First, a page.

Inside Higher Ed has a good recap of the controversy kicked up by Anthrosource going to Wiley/Blackwell from U of C. The title of the piece says it all: it’s all about values. But which values? On the one hand, the value of a publication is that it generates the revenue to sustain a scholarly society. On the other, the value of the research and the values of the profession are all about making knowledge more widely available. Technology has made the second value easier and the first more complicated.
(The absurdity of trying to lock up “intellectual property” in a digital age reminds me that we just saw the first conviction of a criminal who was caught in the act of filming Transformers in a movie theatre. A girl who happened to have a camera with her took a twenty second clip to show her little brother. In spite of all the scare tactics, it just didn’t occur to her she was engaging in piracy. She was just doing what comes naturally in an age of digital gadgetry. And now has a criminal record for it.)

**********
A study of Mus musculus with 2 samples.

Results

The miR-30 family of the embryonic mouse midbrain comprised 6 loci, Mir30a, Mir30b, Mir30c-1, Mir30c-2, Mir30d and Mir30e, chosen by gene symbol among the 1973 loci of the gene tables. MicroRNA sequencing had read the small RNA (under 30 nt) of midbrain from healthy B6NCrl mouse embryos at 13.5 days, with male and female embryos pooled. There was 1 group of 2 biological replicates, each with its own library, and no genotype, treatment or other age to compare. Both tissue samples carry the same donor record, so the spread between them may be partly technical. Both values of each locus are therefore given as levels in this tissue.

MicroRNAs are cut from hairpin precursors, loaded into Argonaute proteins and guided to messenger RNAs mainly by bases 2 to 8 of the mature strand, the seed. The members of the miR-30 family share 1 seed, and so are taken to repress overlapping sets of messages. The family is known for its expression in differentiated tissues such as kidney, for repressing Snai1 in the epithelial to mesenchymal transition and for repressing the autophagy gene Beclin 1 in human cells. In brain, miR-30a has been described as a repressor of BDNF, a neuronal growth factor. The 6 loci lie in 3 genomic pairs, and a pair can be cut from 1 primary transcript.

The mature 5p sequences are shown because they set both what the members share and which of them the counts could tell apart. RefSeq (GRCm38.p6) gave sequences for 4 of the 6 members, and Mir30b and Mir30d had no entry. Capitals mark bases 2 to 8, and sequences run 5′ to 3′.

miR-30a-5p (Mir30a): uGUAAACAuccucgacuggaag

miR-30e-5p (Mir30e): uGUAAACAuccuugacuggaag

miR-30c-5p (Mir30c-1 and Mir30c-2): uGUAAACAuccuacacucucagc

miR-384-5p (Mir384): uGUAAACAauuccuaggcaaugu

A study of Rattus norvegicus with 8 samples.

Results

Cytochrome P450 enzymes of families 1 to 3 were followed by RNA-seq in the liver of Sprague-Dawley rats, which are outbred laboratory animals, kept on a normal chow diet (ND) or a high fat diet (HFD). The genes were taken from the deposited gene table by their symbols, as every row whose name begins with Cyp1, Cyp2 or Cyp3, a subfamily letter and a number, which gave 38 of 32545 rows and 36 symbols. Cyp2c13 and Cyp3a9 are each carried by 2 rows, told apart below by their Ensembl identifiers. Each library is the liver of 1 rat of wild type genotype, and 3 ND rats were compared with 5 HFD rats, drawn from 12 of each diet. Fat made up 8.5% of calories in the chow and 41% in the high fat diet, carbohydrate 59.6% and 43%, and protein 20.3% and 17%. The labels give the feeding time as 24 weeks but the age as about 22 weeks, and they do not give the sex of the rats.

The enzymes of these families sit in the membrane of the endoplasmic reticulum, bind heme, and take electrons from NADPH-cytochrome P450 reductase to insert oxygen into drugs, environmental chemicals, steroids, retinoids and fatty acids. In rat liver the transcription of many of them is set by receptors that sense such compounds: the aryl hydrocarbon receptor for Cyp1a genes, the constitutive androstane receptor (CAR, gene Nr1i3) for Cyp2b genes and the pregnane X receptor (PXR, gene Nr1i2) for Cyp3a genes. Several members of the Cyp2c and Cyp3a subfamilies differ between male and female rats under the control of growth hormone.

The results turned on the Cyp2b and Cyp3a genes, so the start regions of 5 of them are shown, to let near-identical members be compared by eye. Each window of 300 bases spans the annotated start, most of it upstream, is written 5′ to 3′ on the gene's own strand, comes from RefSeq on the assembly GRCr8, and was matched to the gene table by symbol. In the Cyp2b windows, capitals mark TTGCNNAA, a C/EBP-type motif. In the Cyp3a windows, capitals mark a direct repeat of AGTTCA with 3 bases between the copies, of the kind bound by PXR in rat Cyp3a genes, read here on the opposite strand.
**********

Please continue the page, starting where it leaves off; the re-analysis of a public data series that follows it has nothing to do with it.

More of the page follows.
One irony mentioned in the IHE article: as libraries make online bundles more conveniently accessible, scholars are dropping their memberships, presumably because the benefit it once gave them – access to journals right on their desktop – is being provided by libraries now, whereas you used to have to hike over to the building to get your hands on your membership journal. Societies and their members need to find new ways to support the dissemination of their work and to fund their own professional organizations. Honestly, shouldn’t professional communication itself be not only easier but less expensive in a digital age? We need to figure out what our values are – and then figure out how to carry them out in an affordable manner.
ACRL itself could practice what we preach. We could use our own society as a sandbox to create some innovative models for sustaining an organization and fostering its values using new technologies – and then show other societies how to follow our lead.